I am on Lopressor 25 mg twice a day, In conjuncrion with Altace per HOPE study. Do hope your bout of Ectopics will subside .... I have had this lengthy bout of Ectopics on and off for 12 weeks now. I used to take Sectral Beta Blocker years ago for my PVCs. It seemed to really help. But no Doctor has prescribed it for me in years. I remember my EP study done in '98. I was Grateful for the nice E.P. I had then. Anyway, hope your PVCs get better...
I've been to the E.R. twice, the family doctor once, my cardiologist (who did my stress Holter Dec 2013), a second cardiologist that wanted to do a nuclear stress and possibly an angiogram, all based on my "Irregular T-Wave", being inverted, and he would not listen to the fact that I've had an inverted T-Wave all my life.
I've bern to an E.P. that asked if I wanted an ablation before really talking with me virtually at all. He said the source of my premature beats was the RVOT.
I went to a second E.P. that suggested a list of Antiarrhythmic medications that could be used. His assistant did a 12 lead EKG long enough to catch a premature beat in each lead. He adamantly said the source of the premature beats is in the Purkinje fibers, not the RVOT. He said it can still be ablated. I suggested a different Beta Blocker, and he scoffed, until I mentioned Acebutolol, which he felt may be applicable, mentioning ramping up the dose.
To my cardiologist's credit, he wanted to put me on a low dose Beta Blocker and a Calcuim Channel Blocker. Oh how I with this bout would pass.
I take atenolol (BB) 25 mg twice a day and Diltiazem (CCB) 120 mg twice a day. The CCB was added so I could come off of high dose BB. I take both to maintain a "rate control" of permanent Afib.
I understand the CCB is more about the plumbing (wiring : ) ) while the BB is about the signal generator...but they work together on me to maintain a rather peaceful heart rate.. it goes into the upper 50s when sleeping (actually just woke up so I could make the measurement - may go lower when fully asleep).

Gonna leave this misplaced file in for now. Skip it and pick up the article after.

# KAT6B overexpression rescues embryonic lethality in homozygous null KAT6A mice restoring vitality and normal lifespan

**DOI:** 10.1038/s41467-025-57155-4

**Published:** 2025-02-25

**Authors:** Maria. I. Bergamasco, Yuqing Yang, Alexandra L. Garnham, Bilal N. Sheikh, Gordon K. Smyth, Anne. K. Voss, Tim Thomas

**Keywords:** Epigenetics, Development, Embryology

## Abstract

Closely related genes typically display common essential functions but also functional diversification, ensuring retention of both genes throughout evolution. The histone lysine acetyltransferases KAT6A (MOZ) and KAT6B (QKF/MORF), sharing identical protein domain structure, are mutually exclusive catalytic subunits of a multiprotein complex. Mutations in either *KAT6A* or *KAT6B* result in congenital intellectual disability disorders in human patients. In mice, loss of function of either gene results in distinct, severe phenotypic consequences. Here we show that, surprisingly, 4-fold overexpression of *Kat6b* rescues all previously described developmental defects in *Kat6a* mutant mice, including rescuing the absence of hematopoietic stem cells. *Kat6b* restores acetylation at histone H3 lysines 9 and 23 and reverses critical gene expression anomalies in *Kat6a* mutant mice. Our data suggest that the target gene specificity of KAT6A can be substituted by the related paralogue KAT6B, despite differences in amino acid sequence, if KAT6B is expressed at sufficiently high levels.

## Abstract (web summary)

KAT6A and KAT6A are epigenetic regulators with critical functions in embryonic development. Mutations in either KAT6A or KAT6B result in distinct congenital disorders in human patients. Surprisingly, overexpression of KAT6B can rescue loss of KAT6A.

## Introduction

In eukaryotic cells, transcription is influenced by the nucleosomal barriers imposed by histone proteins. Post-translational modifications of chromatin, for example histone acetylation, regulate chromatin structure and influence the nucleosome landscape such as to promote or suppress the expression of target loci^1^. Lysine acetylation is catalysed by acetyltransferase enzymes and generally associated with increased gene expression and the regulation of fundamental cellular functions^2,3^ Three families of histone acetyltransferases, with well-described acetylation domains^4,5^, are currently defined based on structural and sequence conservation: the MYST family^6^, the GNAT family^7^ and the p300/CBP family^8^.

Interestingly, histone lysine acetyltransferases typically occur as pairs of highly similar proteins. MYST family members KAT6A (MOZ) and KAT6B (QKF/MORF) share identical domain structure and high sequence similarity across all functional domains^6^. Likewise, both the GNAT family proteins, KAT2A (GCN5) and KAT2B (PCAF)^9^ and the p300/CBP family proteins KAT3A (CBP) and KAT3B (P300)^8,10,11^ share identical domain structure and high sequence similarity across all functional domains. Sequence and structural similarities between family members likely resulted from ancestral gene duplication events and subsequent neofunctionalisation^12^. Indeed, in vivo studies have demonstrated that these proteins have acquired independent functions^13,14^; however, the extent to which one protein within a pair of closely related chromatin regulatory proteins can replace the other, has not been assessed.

Of course with permanent Afib there is not running or skiing in my life any longer... the HR goes up to safe maximums when I simply walk seriously on the level. Uphill takes some pauses to rest.
Please see the following:
"Vaughan Williams classification
There are five main classes in the Vaughan Williams classification of antiarrhythmic agents:"
Class IV, antiarrhythmics, Calcium Channel Blockers.
Calcium channel blockers are not considered anti-arrhythmics.
Yep. I can relate to this experience. Thanks for posting it. Actually, you can probably find some literature online that states the prevalence of various types of idiopathic vt's, and some limited statistics on ablation success rates for various types of vt's. If I remember correctly, RVOT is right up there in terms of prevalence. And thanks to some of the work done at the university of PA, and elsewhere, there are some strategies to deal with just about every idiopathic vt there is. Mind you, the statistics on ablation success rates and so forth are still limited in some areas...at least in the few papers that I was able to find online and read. This is a little different than success rates for wpw ablations and atrial fib where I am pretty sure there has been more activity.
I agree with the anti-arrhythmics comment, to a degree, but never considered most Calcium Channel Blockers to carry the same risk. For instance, Most Beta Blockers are fairly safe, but some, such as Sotolol, require close monitoring for the initial titration and dose increases.
This is an interesting article, though brief, on the different classes.
I remember day #1 of a "Power" course I took. The professor introduced himself, then asked the students who had been steeped in TTL (state of the art at the time) for the last 3 years if we were ready for some "manly voltage". He added that what were had been messing with for the last 3 years was for "pu--ies". I always remember those words when I take the panel cover off my breaker box in my home.....
I could occasionally induce brief arrhythmia or an occasional SVT episode by stretching and breathing deeply. If the combination was just right, it would fire right up. As you can imagine, I was easily induced in the EP lab for my study.
Sorry, I can't offer any help. I hope the switch goes according to plan. My cardiologist when convincing me that an electrophysiology study would be in my best interest said, "fiddling around with anti-arrhythmics carries just as much risk as an electrophysiology study". Mine for SVT carried better odds of success than perhaps what you might see for PVC's, but it's something to certainly weigh.